If this or a similar question has come up time and time again and workarounds have not been effective enough, you are one of many people struggling with a similar issue.
How can I easily plan vacation in Outlook? Is it possible to include the process of approving a request, rather than using forms and e-mails? What about showing some days working from home and some in-office?
The issue becomes even more complicated if you don’t just have to track a few to up to ten people, but dozens or even hundreds over not just weeks, but months at a time. Filtering vacation times in Outook or looking for the people who are out of office at any given time can become a challenge.
Outlook is not made with these sort of large scale overviews and it shows by the amount of “solutions” offered when looking for an answer.
Those who have struggled with these issues often had to resort to one of the many bandaid solutions like making an entirely new calendar for it, making an excel spreadsheet for everyone that needs to be updated constantly or keeping it all on the good old paper calendar on the office wall.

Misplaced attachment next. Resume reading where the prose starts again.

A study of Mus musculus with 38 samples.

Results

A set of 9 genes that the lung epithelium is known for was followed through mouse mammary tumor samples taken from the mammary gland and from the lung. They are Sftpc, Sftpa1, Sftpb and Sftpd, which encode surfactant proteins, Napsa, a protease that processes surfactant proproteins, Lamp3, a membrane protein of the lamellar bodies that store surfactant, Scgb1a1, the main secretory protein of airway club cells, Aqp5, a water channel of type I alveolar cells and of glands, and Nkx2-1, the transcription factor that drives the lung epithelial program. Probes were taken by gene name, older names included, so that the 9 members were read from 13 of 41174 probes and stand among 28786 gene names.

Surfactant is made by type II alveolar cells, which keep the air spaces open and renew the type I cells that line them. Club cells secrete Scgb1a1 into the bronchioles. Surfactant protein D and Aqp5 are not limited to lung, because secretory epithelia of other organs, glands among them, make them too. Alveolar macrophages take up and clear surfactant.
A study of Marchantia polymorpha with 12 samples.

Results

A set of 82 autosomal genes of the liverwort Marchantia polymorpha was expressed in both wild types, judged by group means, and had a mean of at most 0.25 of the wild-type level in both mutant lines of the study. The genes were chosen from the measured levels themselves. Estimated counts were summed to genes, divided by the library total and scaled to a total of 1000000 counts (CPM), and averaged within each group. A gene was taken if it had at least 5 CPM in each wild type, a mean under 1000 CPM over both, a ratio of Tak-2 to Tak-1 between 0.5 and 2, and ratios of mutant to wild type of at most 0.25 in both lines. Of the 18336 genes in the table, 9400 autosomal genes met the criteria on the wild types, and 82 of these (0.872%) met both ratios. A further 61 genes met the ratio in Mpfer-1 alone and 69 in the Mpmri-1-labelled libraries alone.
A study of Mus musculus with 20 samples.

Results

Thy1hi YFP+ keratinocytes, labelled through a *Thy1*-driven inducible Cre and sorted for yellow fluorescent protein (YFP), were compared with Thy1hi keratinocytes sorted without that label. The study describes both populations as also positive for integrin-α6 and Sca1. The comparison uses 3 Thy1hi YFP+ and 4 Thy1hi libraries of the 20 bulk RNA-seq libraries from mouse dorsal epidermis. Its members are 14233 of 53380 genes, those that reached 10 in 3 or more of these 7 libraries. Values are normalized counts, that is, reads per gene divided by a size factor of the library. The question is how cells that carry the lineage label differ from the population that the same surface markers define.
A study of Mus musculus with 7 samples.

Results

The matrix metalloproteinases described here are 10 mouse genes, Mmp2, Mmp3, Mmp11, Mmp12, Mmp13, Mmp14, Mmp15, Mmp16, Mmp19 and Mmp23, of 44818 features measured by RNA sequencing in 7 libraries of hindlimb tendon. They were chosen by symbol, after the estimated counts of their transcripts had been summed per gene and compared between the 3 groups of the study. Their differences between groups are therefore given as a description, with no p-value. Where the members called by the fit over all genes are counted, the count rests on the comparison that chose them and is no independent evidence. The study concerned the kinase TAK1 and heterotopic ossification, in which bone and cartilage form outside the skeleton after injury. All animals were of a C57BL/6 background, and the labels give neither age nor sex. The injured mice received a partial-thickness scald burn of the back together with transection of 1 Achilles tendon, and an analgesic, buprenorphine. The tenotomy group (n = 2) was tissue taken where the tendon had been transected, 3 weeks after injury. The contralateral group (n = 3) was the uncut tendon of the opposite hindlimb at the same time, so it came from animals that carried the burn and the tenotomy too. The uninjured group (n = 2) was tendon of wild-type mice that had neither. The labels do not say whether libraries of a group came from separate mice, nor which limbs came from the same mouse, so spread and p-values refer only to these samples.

One such company that struggled with these very same issues is the Geberit group, the European leader in the field of sanitary products.
The solution they found for themselves was to use OnTime Group Calendar, not only making it much easier to overview and more streamlined to oragnize, but also allowing them to be more flexible by allowing their users to customize the time frame and focus of the calendar view making it much more adaptable to work with.
With OnTime, you can easily submit and process requests for time of office of any kind without needing to e-mail back and forth. Changing or erasing vacation times is as easy as changing any other meeting or event. We can also define and filter what type of out of office time is shown according to which options you need.
Scalability is no longer a challenge and this simple solution saves everyone a lot of time and stress – which, when you want to plan time out of office, you really don’t want.